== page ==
A major terrorist attack is enough to shake a country’s capital markets.
However, along with the entire nation, stock market analysts seem to believe that the Peshawar attack of December 16 may actually mark a watershed in Pakistan’s decade-long battle against terrorism.
According to BMA Capital Director of Research Muhammad Azfer Naseem, the incident has helped in further galvanising support for the ongoing operation against militants in the Federally Administered Tribal Areas (FATA).
A decisive action against militants will send a positive message to long-term investors, although it will inevitably have some negative consequences in the short run. In addition, the conclusion of the four-month-long sit-in by the Pakistan Tehreek-e-Insaf (PTI) has also sent an encouraging signal to investors worldwide.
“Triggers are in place for an equity market re-rating,” said a research note by KASB Securities released on Thursday.
Positive political developments have also coincided with the long-awaited approval of a loan tranche of $1.05 billion from the International Monetary Fund (IMF) board, which is going to further strengthen Pakistan’s foreign exchange reserves.
“With the end of the sit-in reducing the political overhang, the PML-N can now completely focus on its reform agenda in order to set the stage for higher growth,” KASB Securities research analyst Mohammad Fawad Khan stated. The inflow from the IMF will help Pakistan meet the end-of-year foreign exchange reserves target of $15 billion. KASB Securities’ sensitivity analysis suggests that Pakistan’s current account will record a whopping surplus of $3.8 billion in 2015-16 if oil prices persist at current levels.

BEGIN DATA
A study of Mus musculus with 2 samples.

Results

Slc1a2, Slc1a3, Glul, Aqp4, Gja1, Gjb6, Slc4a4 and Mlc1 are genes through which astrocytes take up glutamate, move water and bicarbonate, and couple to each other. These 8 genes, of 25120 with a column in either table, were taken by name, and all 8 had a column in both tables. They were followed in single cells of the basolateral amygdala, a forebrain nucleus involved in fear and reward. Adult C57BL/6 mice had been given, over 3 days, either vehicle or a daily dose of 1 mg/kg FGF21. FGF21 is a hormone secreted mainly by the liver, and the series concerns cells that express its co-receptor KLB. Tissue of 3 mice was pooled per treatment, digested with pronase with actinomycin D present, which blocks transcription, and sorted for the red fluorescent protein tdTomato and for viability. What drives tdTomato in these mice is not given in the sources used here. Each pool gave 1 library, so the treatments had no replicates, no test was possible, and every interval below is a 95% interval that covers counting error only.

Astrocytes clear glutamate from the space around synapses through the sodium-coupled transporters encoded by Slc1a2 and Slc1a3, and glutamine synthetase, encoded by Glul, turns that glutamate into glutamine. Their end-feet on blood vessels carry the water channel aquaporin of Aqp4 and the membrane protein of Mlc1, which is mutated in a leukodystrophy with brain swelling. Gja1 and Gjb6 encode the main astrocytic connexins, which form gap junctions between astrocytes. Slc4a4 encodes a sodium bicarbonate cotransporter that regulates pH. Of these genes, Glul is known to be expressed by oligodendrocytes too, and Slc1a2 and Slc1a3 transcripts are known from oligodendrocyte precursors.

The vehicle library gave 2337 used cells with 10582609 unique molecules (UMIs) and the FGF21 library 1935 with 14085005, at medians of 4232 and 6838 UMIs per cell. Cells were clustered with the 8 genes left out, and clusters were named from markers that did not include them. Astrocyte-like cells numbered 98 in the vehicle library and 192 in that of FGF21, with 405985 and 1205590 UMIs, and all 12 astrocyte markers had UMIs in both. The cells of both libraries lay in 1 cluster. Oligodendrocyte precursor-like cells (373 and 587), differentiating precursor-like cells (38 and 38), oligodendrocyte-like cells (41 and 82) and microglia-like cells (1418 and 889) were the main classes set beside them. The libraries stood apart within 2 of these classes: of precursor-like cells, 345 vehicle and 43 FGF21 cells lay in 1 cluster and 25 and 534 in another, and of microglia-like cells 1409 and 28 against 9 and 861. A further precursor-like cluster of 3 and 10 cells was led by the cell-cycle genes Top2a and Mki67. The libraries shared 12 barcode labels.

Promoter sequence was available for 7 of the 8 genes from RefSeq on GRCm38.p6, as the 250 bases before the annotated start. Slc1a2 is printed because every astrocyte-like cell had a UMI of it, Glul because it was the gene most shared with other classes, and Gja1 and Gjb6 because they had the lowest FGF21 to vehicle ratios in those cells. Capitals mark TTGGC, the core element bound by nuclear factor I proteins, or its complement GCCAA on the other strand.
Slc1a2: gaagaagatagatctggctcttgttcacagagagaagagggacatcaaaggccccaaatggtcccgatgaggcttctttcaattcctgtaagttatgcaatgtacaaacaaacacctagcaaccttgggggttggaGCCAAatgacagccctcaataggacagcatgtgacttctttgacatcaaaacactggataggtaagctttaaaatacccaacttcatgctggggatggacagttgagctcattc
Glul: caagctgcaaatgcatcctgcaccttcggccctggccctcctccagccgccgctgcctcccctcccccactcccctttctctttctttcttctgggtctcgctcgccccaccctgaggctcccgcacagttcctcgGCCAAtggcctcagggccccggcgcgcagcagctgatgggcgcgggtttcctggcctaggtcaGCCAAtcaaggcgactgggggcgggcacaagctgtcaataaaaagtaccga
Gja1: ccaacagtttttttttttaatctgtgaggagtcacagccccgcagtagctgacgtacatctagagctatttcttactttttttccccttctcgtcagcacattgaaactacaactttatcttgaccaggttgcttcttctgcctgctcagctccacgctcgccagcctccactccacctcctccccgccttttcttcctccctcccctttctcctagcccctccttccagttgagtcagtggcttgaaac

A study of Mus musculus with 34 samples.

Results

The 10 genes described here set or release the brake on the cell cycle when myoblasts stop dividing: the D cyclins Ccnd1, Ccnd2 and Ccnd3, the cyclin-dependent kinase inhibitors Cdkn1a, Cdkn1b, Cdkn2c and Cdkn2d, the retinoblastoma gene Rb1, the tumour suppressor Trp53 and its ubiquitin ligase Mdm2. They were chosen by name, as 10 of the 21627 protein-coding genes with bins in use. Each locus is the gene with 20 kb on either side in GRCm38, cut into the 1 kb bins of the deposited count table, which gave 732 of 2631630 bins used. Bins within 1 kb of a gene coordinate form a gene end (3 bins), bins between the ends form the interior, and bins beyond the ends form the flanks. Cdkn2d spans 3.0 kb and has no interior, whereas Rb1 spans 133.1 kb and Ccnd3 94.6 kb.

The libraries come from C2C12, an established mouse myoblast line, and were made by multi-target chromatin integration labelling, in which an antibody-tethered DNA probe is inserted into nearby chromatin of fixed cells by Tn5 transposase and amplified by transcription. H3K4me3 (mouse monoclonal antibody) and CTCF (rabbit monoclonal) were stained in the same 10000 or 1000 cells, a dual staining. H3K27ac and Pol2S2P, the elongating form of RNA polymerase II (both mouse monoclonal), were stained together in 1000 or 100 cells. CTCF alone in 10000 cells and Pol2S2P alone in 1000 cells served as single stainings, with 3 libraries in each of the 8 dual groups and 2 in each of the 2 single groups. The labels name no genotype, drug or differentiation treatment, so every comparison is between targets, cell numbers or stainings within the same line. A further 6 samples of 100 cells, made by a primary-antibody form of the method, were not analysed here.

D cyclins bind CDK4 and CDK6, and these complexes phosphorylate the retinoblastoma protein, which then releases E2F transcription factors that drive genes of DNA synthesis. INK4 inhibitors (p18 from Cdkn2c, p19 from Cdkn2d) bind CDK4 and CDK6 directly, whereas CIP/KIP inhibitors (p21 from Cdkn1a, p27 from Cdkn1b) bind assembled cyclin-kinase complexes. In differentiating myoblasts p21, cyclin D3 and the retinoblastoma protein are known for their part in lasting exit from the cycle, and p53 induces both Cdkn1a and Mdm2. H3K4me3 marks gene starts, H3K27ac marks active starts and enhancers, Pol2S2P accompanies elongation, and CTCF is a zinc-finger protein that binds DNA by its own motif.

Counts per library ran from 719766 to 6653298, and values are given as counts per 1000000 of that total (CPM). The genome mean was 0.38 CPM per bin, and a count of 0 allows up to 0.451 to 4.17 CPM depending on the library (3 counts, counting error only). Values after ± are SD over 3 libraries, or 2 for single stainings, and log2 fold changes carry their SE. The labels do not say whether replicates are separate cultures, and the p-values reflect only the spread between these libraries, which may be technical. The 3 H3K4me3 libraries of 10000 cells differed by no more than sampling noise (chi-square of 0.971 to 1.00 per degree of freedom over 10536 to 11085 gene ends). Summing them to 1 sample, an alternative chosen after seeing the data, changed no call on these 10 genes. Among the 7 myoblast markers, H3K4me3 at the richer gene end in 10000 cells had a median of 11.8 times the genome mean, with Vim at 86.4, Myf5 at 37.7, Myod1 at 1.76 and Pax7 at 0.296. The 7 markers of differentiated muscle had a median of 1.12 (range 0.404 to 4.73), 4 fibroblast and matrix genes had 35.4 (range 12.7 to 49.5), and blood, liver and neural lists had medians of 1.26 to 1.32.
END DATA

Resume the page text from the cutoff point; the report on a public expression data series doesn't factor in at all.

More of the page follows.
However, Khan cautioned there are still issues that, if left unaddressed, can potentially cut short the excitement in the equity market. On top of these concerns is the prevailing uncertainty on institutional foreign selling. Data shows foreign investors have pulled out $53 million from the equity market since the start of December.
Secondly, there are fears about a possible retaliation from terrorists, as the government and security forces prepare to step up operations and execute death penalty for imprisoned terrorists, Khan noted.
Lastly, he added the details of the new IMF benchmarks are still not clear. “All in all, we maintain our positive outlook,” he wrote.
Khan believes that one consequence of the long-lasting political standoff with the PTI was a perceived erosion of government’s authority to implement tough economic decisions.
“The end of the sit-in is unlikely to bring any major shift. Interestingly, many of the unpopular economic measures, like gas price hikes, were front-loaded in the initial term of the current government and were implemented without much of political opposition,” he said.
Noting that the political backdrop has now changed, KASB Securities said a few expected measures under the IMF programme, like privatisation, may invite criticism or require intensive bargaining with the opposition parties.